The Sigma USB Dock ($59 direct) is an inexpensive accessory that allows you to take full control over the performance of your Sigma lenses. It’s compatible with recent glass that’s part of the company’s Global Vision Line; you’ll know that your lens is part of this generation by its Contemporary, Art, or Sports designation. It’s available for lenses that use Canon, Nikon, or Sigma mounts. At this time that only includes five lenses; and only one of them, the 120-300mm F2.8 DG OS HSM is compatible with the full breadth of customization options.
Other currently compatible lenses include the 35mm F1.4DG HSM, 17-70mm F2.8-4 DC Macro OS HSM, 30mm F1.4 DC HSM, and 18-35mm F1.8 DC HSM. The software is compatible with OS X and Windows. All of the lenses support firmware updates and focus adjustment. Firmware updates are pretty self-explanatory, but focus adjustments take some understanding of how a camera’s autofocus system works.
Essentially, light is bounced from the mirror to a dedicated autofocus sensor. In an ideal world, every camera from a specific manufacturer would be perfectly calibrated, but the world isn’t ideal. Users who demand critical performance from lenses often encounter back-focus or front-focus, where a lens is focusing slightly in front of or behind the subject. If you’ve got a focus issue with your lens and body combination you can adjust the lens to correct it. Some higher-end bodies support in-camera focus adjustments, but they don’t go as far as the software that works with the dock. It can adjust at different focal lengths and focus distances.
The rest of the functions are currently only compatible with the 120-300mm at this time. There’s an OS setting that lets you adjust the way the lens stabilization system works. There are three modes: Dynamic View, Standard, and Moderate View. Dynamic View shows the effects of the stabilization system in the viewfinder, moving elements around as quickly as possible to capture fast action. Moderate View slows down the stabilization system, and is less jarring when you’re taking your time to compose a scene. The Standard mode is somewhere in the middle, and represents the lens’s default behavior.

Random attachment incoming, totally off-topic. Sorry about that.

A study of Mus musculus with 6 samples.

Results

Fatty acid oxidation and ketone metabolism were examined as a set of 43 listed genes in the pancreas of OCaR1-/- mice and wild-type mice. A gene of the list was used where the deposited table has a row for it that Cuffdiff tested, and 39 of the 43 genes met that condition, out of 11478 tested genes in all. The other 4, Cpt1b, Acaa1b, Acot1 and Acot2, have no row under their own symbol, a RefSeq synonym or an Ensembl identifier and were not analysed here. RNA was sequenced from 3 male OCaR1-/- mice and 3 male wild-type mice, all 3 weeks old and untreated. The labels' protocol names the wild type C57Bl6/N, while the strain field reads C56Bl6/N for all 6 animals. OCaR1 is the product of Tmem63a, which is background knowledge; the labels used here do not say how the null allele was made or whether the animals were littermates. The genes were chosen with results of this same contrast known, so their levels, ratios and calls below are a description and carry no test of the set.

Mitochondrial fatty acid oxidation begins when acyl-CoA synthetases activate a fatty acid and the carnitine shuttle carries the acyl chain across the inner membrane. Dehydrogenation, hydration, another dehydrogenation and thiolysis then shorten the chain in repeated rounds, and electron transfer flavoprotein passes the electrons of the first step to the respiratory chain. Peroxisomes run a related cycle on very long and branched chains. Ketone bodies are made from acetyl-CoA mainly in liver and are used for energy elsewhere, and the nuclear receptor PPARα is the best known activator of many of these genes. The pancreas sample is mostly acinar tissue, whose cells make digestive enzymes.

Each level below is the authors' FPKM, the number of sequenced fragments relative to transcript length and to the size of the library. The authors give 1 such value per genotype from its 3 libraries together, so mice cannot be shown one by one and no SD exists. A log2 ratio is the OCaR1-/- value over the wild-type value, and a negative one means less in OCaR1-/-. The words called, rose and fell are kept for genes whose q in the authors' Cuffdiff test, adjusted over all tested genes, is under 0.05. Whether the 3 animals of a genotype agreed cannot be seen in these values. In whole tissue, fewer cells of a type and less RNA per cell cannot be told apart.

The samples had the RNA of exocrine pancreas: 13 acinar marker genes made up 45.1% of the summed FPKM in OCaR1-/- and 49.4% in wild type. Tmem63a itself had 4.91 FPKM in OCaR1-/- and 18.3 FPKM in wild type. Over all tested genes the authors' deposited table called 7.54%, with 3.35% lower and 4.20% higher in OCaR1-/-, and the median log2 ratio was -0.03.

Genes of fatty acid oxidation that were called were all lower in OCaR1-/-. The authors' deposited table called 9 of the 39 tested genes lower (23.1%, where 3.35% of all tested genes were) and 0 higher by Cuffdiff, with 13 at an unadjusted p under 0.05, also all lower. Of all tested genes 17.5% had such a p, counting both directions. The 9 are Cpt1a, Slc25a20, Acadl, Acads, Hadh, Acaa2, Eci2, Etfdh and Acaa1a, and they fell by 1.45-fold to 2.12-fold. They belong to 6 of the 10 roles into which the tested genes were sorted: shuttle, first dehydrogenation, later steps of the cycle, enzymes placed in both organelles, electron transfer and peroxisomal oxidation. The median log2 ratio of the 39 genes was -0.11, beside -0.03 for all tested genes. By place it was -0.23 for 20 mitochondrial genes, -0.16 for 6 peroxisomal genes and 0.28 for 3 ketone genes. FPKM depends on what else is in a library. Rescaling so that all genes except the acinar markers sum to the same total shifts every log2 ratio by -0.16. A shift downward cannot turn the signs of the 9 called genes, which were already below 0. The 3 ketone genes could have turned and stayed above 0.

From the AF Speed menu you’ll be able to prioritize speed over accuracy, accuracy over speed, or revert to the default setting, which is somewhere in the middle. Finally there’s a Focus Limiter setting that lets you limit the focus range over any distance. If you know that you’re going to shoot a sporting event and you know that you’re only going to be shooting action from a distance you can set the limit from 50 feet to infinity and speed the autofocus system. This function will only be enabled on lenses that have a toggle switch to enable or disable the focus limitation system, so setting this in the software can’t prevent you from focusing across the entire range of the lens when in the field.
The Sigma USB Dock isn’t an accessory that every photographer needs or will use. Its functionality is limited based on the lens you’re using. If you’ve got a lens that’s not quite focusing correctly, it’s an inexpensive way to calibrate it for use with your camera. The more advanced features are most useful with the 120-300mm telephoto zoom, and future long telephoto and macro lenses are sure to benefit from the focus limiter and autofocus speed settings. It’s easy to use, though some care should be taken when adjusting focus calibration. At $60, it’s not an expensive accessory in the camera world, and it’s a good tool to have if you own a compatible Sigma lens.